Stupak is clearly trying to tank health care reform and think that abortion rights are the way to do it. But it's really win win for them, either way. If it doesn't tank the bill completely, it will likely be because the Democrats refuse to fight for abortion coverage, so the anti-choice zealots win a big one even if some form of withered health care reform passes.
The bill also prevents affordability credits from being used to pay for abortion coverage; the credits would help middle-class and working-class Americans purchase insurance coverage on the private market. Eighty-seven percent of existing private insurance plans cover abortion, which is significantly cheaper and less medically risky than pregnancy and childbirth. After reform, if insurers want to continue to provide such care, the House bill would require them to segregate all government funding from the co-pays individuals pay into the plans. Abortions could only be paid for out of the “private” side of the ledger.
In addition, in each state, the health-insurance market must include one plan that does cover abortion, and one plan that does not. But because the vast majority of insurers currently do cover the procedure, pro-choicers view the provision as a step forward for the opposition. “That kind of leans toward the pro-life position,” Waxman said.
Pro-life Democrats have been especially influential in the health reform process because so many of them are considered swing voters on the overall package. Rep. Bart Stupak, a Michigan Democrat with strong ties to the religious right, has emerged as a spokesman for antiabortion sentiments in both parties. He continues to push forward in an attempt to amend the Pelosi bill to restrict abortion even further. Stupak’s goal is to outlaw all abortion coverage within the health-insurance exchanges, requiring women to purchase a special “rider” for abortion services. But according to health-care experts, few women anticipate needing an abortion and thus would be unlikely to pay extra for the coverage—even though about half of American women experience an unintended pregnancy in their lifetimes, and one-third of American women have had an abortion.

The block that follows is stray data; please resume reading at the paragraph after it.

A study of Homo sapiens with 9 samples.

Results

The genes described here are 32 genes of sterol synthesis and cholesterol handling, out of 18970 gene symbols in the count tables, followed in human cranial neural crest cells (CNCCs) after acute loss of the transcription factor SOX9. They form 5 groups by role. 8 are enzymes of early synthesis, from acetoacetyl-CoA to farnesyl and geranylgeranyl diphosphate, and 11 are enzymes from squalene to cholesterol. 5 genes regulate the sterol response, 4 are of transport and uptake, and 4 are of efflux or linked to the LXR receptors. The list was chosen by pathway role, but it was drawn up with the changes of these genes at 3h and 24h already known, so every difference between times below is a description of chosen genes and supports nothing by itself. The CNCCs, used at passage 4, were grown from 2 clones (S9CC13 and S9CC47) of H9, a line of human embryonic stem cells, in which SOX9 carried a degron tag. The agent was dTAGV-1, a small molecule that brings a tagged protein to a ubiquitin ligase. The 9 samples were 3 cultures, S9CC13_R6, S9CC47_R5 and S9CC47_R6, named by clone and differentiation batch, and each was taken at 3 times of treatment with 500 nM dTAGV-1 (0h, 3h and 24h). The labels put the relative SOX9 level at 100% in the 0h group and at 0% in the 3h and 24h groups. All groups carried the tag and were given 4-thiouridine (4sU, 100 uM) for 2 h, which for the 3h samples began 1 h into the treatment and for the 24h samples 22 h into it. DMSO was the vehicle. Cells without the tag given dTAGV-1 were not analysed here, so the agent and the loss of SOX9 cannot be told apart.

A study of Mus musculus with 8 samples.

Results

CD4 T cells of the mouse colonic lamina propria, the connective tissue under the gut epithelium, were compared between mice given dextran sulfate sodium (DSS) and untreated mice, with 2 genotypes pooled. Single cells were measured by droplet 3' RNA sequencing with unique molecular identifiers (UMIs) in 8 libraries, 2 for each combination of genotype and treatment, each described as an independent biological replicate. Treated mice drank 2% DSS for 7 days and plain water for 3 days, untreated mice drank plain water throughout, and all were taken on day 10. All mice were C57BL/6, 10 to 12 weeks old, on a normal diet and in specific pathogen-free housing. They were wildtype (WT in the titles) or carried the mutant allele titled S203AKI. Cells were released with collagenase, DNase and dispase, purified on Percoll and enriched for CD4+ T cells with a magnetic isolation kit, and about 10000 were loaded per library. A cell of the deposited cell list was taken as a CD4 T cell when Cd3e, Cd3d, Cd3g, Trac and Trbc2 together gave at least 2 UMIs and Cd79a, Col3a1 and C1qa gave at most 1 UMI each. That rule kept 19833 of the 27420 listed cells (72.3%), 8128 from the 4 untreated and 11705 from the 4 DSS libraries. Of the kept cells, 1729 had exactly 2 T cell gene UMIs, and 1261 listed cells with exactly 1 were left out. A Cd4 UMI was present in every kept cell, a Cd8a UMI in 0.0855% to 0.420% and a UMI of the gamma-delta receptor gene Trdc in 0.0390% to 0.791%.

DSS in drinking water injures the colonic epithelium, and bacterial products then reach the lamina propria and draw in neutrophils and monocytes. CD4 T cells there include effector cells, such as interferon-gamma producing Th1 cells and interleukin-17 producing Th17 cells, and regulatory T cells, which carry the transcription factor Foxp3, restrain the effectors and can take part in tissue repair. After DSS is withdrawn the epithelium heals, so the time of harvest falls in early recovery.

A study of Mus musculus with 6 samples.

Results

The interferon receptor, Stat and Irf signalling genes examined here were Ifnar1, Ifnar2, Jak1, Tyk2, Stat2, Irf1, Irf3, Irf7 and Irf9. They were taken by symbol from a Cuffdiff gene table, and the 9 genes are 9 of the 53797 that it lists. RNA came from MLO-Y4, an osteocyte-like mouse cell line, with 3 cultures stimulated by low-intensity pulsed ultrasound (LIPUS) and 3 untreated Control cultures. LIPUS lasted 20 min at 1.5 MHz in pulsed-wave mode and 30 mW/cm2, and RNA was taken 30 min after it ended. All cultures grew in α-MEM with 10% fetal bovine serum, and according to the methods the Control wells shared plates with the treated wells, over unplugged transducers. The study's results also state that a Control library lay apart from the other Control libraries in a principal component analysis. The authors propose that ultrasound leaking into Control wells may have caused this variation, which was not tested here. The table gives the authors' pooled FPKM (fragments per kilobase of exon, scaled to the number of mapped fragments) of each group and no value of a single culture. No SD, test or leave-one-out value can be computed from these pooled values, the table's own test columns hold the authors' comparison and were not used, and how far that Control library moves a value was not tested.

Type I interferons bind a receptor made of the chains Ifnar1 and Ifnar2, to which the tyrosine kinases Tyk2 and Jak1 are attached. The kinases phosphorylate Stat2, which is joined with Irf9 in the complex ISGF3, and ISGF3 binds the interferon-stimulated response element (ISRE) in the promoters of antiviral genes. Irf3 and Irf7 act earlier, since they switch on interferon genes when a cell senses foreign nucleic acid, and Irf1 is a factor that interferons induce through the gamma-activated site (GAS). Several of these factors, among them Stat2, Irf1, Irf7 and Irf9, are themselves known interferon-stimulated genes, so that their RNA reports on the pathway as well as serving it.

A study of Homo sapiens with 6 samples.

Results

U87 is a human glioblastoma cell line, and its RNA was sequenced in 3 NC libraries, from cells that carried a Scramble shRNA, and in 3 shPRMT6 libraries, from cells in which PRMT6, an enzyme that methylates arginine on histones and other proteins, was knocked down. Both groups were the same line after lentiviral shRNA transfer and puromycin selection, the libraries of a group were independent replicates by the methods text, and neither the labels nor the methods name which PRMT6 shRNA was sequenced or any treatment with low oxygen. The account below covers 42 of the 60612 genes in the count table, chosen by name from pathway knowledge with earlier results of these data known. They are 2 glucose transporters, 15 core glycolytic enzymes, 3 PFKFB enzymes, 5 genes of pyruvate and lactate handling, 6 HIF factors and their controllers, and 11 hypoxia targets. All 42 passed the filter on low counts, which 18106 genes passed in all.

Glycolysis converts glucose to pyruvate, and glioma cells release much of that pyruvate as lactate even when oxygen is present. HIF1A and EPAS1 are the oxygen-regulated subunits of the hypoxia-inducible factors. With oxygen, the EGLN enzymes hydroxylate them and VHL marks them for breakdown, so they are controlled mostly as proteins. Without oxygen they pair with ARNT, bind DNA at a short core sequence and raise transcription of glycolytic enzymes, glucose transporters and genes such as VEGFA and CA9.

Adam Sonfield, senior public policy associate at the Guttmacher Institute, which researches reproductive health issues, told The Daily Beast, “Currently, it’s not that we can’t pay for coverage that includes abortions. It’s that we can’t cover abortions. The [Stupak] standard is stricter than the standard in Hyde.”
Abortion-rights activists regard Stupak as “obsessed,” motivated by religious beliefs, and unwilling to compromise. They allege that he may not truly support the president’s effort to overhaul the health-care system, pointing out his ties to groups like Focus on the Family and the National Right to Life Committee, which opposed the expansion of S-CHIP, the state program that provides health care to poor children.
Of course it would have made a difference if Obama had said that he believed that all women should have access to health insurance that covers abortion but he didn't. He pretty much wrote it off from the beginning and left the field open for the zealots to tighten restrictions even more.
Pro-choice leaders disagree about whether more support from the White House could have strengthened their hand in the health-reform battle. In addition to the failed efforts to include comprehensive abortion coverage in the public plan, efforts to require private health insurance coverage of birth control also fell flat. In 1993, Hillary Clinton explicitly told Congress that she expected pregnancy and abortion to be treated in health reform like any other medical service. This year, though, Obama sent a different message, telling Katie Couric in July, “I think we also have a tradition of, in this town, historically, of not financing abortions as part of government-funded health care. Rather than wade into that issue at this point, I think that it’s appropriate for us to figure out how to just deliver on the cost savings, and not get distracted by the abortion debate at this station.”
A different tone from the White House might have helped pro-choice groups, Waxman said. “We would like significant support from the administration on women exercising their constitutional rights,” she said.